Originally Published on The Age, 5 Mar 2007
If you want to be remembered, keep visual aids simple and stimulating.
HOW many times has a speech been ruined for you by a PowerPoint presentation that is too small to read, too busy to read or too full of distractions for you to focus on the speaker? How many times has someone held up a picture that is flashed around too quickly? How many times has the aid been a hindrance not an asset?
Firstly, what is a visual aid? It is anything that you use to make a point clearer. It can be a picture, a book, a drawing on a whiteboard, a demonstration, or PowerPoint.
Here are a few tips for making visual aids work for you rather than distracting or memerising your audience. Remember that the aid is just that: an aid, not a substitute for you.
· Keep visual aids, such as PowerPoint, to a minimum. Ideally about one every three minutes is good. T hey should be simple, clear and colourful and, above all, relevant to the point you are making. The best slides are charts and pictures that make the words easier to understand. Remember, some of the greatest speeches in the world were delivered without visual aids.
· Visuals must be seen by everyone in the audience. They need to be large enough and you must not block anyone’s view by standing in front of them. Be careful about handing things around while you talk. It can be done, but if you are showing photos or a magazine, participants will become distracted and they may not listen to you.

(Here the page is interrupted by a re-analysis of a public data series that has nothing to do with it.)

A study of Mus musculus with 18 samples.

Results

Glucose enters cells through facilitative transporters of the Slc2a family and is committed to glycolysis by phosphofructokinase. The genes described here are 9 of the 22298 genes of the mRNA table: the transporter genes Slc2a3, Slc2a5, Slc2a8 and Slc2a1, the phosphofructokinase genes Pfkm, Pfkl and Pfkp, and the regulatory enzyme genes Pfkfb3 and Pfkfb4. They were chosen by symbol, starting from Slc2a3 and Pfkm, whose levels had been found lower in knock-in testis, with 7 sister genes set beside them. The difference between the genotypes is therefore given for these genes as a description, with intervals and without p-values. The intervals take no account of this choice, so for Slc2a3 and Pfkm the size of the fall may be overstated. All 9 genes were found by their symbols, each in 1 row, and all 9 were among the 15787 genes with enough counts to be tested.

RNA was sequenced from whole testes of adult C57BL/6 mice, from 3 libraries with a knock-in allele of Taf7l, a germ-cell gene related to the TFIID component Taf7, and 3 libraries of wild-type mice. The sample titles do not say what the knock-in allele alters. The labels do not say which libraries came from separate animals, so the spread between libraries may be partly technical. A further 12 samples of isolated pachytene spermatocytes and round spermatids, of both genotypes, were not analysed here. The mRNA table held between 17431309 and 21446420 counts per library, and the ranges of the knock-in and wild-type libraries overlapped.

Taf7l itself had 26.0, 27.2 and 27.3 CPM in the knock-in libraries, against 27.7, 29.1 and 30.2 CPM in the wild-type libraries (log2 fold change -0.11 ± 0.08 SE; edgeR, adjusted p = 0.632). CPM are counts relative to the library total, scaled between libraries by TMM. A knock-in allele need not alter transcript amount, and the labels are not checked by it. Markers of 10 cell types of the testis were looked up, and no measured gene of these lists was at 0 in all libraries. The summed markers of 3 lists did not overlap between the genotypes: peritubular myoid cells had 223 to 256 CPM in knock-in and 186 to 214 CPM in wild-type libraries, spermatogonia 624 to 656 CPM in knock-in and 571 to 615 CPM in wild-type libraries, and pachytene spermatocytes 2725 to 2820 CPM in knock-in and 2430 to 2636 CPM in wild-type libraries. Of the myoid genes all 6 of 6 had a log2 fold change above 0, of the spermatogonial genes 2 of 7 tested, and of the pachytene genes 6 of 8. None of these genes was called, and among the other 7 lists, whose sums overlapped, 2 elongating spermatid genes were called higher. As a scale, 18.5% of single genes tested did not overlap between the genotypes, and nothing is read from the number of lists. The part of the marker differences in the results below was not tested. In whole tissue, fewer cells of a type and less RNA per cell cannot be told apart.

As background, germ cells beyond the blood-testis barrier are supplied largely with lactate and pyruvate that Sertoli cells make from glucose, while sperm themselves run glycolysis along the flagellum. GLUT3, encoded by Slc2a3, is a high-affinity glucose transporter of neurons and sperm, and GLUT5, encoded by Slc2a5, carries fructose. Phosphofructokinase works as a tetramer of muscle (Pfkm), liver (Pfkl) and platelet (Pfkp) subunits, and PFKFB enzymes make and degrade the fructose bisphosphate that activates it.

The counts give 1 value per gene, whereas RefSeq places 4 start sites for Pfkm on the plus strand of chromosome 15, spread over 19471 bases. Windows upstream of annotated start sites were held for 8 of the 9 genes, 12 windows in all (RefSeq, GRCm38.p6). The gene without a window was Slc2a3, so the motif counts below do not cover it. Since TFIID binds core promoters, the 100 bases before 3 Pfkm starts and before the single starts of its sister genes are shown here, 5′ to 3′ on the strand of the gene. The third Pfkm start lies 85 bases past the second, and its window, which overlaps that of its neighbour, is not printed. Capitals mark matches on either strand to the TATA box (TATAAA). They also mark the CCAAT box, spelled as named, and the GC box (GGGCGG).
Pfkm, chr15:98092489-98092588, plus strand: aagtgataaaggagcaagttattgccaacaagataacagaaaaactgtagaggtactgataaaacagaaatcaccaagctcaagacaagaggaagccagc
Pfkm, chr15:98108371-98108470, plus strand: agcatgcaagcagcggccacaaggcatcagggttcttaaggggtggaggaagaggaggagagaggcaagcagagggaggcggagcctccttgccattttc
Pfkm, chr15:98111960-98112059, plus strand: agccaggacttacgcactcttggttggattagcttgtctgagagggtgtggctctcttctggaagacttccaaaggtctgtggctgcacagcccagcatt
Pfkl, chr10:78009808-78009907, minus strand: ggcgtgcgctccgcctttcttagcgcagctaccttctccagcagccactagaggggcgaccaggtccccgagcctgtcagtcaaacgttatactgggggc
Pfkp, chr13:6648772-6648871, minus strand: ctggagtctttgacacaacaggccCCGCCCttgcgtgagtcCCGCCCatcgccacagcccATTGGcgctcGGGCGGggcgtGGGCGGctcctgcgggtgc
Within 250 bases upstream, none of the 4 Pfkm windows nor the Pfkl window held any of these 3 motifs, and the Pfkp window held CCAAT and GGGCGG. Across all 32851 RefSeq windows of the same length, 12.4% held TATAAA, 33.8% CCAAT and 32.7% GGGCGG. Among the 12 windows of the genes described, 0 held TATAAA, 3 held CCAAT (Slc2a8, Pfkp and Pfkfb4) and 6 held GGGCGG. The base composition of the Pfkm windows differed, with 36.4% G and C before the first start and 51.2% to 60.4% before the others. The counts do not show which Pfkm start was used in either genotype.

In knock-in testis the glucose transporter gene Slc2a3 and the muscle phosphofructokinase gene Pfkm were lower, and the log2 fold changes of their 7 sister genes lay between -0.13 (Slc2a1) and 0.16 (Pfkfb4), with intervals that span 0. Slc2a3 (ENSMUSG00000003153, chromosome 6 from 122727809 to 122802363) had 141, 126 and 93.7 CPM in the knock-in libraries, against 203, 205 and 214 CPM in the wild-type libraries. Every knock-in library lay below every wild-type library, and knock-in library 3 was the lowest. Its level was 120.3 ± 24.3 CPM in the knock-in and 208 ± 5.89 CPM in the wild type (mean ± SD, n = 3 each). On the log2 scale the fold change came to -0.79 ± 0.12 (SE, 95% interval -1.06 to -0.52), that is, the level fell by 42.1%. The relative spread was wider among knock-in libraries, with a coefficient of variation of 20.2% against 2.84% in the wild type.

· You should only talk about a point while the visual aid is up. Once you have finished with the topic to which the visual aid is relevant, put it down or get it off the screen. T his is best done by using a blank slide, if you are using PowerPoint. You can press the B button on the laptop or build blank slides into the computer show.
· If you want to hold up a picture or object, it may be better to use a volunteer or assistant rather than hold and talk at the same time. When you hold the picture or prop, you cannot gesticulate. And once you have shown it, remember to put it down and go on talking. When you show a picture, move it very slowly around the room. If you are too quick, some of the audience will not see it and will become distracted, even annoyed.
· Don’t turn your back to talk about a visual aid. It may be on a whiteboard, or screen, but you don’t need to look at it. The audience does. Your job is to keep looking at them. That way you can judge how long they need to see it and what their reaction is.
· Finally, remember, you are the focus. Some people hide behind visual aids or use far too many. They are an aid, not the talk. Accept that it is you and your message that are important and work on your own presentation skills
· Don’t forget to ensure the equipment for the aid is working. There’s no point in turning up with a PowerPoint presentation if there is no screen or no overhead projector with a working light.
Whatever aids you use, there is no substitute for a clearly spoken, well-structured, confidently delivered talk. Never think you can give a great talk by filling it with visuals.
Remember, Martin Luther King used no visuals, no PowerPoint and no gimmicks when he delivered his “I have a dream” speech. But he had passion and belief and many powerful metaphors, delivered with variety, eloquence and courage.